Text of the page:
In December 2017, I wrote about the SWIFT Blockchain Proof of concept (PoC), and why I felt that the result was most likely going to be “DLT for international payments processing is still work in progress”.
SWIFT finally released the results of the PoC this month and have confirmed that there is a lot more work needed within Banks’ back office technology and operational processes for DLT to be relevant.
The PoC was aimed at international payments and how intraday/real time liquidity management could be performed using DLT. Correspondent banks provide services on behalf of another overseas financial institution through a correspondent account (Nostro/ Vostro account). However, about 34% of the cost of an international payment is related to Nostro trapped liquidity. This is due to the lack of real-time data to optimize intraday liquidity management.
Managing Nostro accounts and ensuring there is no over funding or overusage of credit lines depend on availability of real time data. A real-time feed of transaction data would allow banks to release payments to customers quicker, whilst reducing liquidity risks.
With that as the driver behind the initiative, a consortium of 34 banks worked on this use case with SWIFT. In Q1 2017 SWIFT had launched their Global Payments Initiative (GPI) with these banks and it went live without DLT. SWIFT wanted to get their product out using legacy systems, and not wait for the results of the DLT prototype.
The results of the DLT prototype are as follows:
Nostro DLT application, combined with the ISO 20022 data model, delivered the business functionalities and data richness required for automated real-time liquidity monitoring and reconciliation. Real-time confirmation of each account entry and use of the unique end-to-end transaction reference (UETR) – SWIFT’s central payments tracker, made it possible.
Further progress is needed on DLT technology before it is ready to support applications in large scale critical global infrastructures. 528 channels were required in the PoC to ensure Nostro accounts would only be stored on the nodes of their account servicers and owners. But when the solution is in production, more than 100,000 such channels would need to be defined. DLT solution hasn’t matured yet to handle that load.
All Nostro Account service providers will need to migrate their back-office liquidity reporting process from Batch to real time processing. ISO 20022, will need to be applied across banks to ensure data shared across different banks has consistent data elements. Such a common data model is essential to reduce integration costs (between SWIFT and the banks).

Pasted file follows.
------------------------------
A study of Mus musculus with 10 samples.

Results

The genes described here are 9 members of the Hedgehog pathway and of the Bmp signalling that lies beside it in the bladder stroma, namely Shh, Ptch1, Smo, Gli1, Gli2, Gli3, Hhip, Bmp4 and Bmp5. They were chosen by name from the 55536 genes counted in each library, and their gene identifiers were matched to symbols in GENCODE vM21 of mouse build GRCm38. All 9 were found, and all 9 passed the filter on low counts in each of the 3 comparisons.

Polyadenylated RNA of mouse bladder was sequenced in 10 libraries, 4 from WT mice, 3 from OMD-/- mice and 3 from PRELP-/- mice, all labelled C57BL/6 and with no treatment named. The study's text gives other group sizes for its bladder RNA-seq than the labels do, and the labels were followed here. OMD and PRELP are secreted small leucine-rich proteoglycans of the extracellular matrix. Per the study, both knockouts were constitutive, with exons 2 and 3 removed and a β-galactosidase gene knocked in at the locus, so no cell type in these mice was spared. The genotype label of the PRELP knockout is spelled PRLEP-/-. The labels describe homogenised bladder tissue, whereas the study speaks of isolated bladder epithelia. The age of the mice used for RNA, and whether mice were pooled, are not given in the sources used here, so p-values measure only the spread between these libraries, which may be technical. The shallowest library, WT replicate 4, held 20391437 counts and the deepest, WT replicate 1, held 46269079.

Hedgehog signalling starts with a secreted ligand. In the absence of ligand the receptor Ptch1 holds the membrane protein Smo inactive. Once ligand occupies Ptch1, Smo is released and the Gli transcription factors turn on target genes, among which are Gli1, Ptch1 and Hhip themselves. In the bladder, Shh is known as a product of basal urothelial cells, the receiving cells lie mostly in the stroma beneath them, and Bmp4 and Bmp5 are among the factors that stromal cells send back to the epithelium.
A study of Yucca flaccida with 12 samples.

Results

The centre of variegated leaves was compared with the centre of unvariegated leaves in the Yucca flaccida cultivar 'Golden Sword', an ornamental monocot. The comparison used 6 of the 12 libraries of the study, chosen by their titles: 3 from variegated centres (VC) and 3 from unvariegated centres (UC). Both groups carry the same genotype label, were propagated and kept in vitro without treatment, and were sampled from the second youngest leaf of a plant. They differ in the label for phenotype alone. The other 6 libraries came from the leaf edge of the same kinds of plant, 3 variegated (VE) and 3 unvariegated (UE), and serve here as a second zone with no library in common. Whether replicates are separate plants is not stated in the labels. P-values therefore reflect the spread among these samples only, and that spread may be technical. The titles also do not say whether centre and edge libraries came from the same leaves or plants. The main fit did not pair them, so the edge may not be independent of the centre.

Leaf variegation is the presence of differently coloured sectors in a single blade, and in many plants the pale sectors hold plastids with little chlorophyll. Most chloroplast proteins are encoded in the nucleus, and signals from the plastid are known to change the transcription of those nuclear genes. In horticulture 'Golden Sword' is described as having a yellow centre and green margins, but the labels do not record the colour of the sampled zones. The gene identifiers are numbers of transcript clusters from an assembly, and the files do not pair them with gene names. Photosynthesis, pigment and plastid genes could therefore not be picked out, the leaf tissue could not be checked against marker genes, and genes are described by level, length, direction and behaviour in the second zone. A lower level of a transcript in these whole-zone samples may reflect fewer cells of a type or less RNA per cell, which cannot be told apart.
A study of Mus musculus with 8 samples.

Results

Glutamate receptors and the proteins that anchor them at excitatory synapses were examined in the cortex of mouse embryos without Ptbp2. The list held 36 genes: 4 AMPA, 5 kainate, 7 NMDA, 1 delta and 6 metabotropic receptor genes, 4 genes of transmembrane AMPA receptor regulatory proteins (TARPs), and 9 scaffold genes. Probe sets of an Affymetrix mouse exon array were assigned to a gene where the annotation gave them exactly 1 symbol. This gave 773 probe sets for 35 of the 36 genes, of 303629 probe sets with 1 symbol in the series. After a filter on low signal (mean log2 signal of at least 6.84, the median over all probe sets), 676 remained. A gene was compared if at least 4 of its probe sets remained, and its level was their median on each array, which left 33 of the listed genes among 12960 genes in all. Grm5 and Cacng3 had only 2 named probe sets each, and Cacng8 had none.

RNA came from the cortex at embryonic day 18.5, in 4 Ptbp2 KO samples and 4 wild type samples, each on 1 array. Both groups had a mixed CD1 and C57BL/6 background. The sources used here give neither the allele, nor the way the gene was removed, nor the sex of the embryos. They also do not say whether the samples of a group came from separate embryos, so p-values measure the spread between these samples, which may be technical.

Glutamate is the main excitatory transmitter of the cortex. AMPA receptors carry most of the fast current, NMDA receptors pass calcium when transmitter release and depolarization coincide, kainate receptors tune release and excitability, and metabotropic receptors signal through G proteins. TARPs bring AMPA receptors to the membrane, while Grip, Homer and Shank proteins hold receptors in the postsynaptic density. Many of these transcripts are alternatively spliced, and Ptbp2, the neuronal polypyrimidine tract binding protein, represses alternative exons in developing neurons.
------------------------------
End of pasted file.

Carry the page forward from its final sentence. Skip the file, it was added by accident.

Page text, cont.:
We will continue our R&D efforts to ensure that SWIFT customers will be able to leverage their existing SWIFT infrastructure and connectivity to benefit from blockchain services, whether offered by SWIFT or by third parties, on a secure and trusted platform.
Stephen Gilderdale, Chief Platform Officer, SWIFT
While the existing GPI has been successful for SWIFT, for the GPI to use DLT, it requires all banks to have a real time infrastructure. SWIFT is currently focused on helping that transformation happen.
Adoption of ISO 20022 is a pre-requisite to save costs before DLT can be beta tested for wider adoption. As this progresses, SWIFT will continue to explore advancements within the DLT space to ensure there are no non-functional performance/scaling challenges.
I see this as a major setback for banks’ adoption of Blockchain. If banks’ back office processes and technologies need to be transformed before DLT can be used, we may have to wait for a good part of another decade.
The official press release mentions that it is a question of “when rather than an if” for DLT to be used in this context. However, I believe that is a gross underestimation of banks’ inability to transform their back office technology and operational processes.
Arunkumar Krishnakumar is a Fintech thought leader and an investor.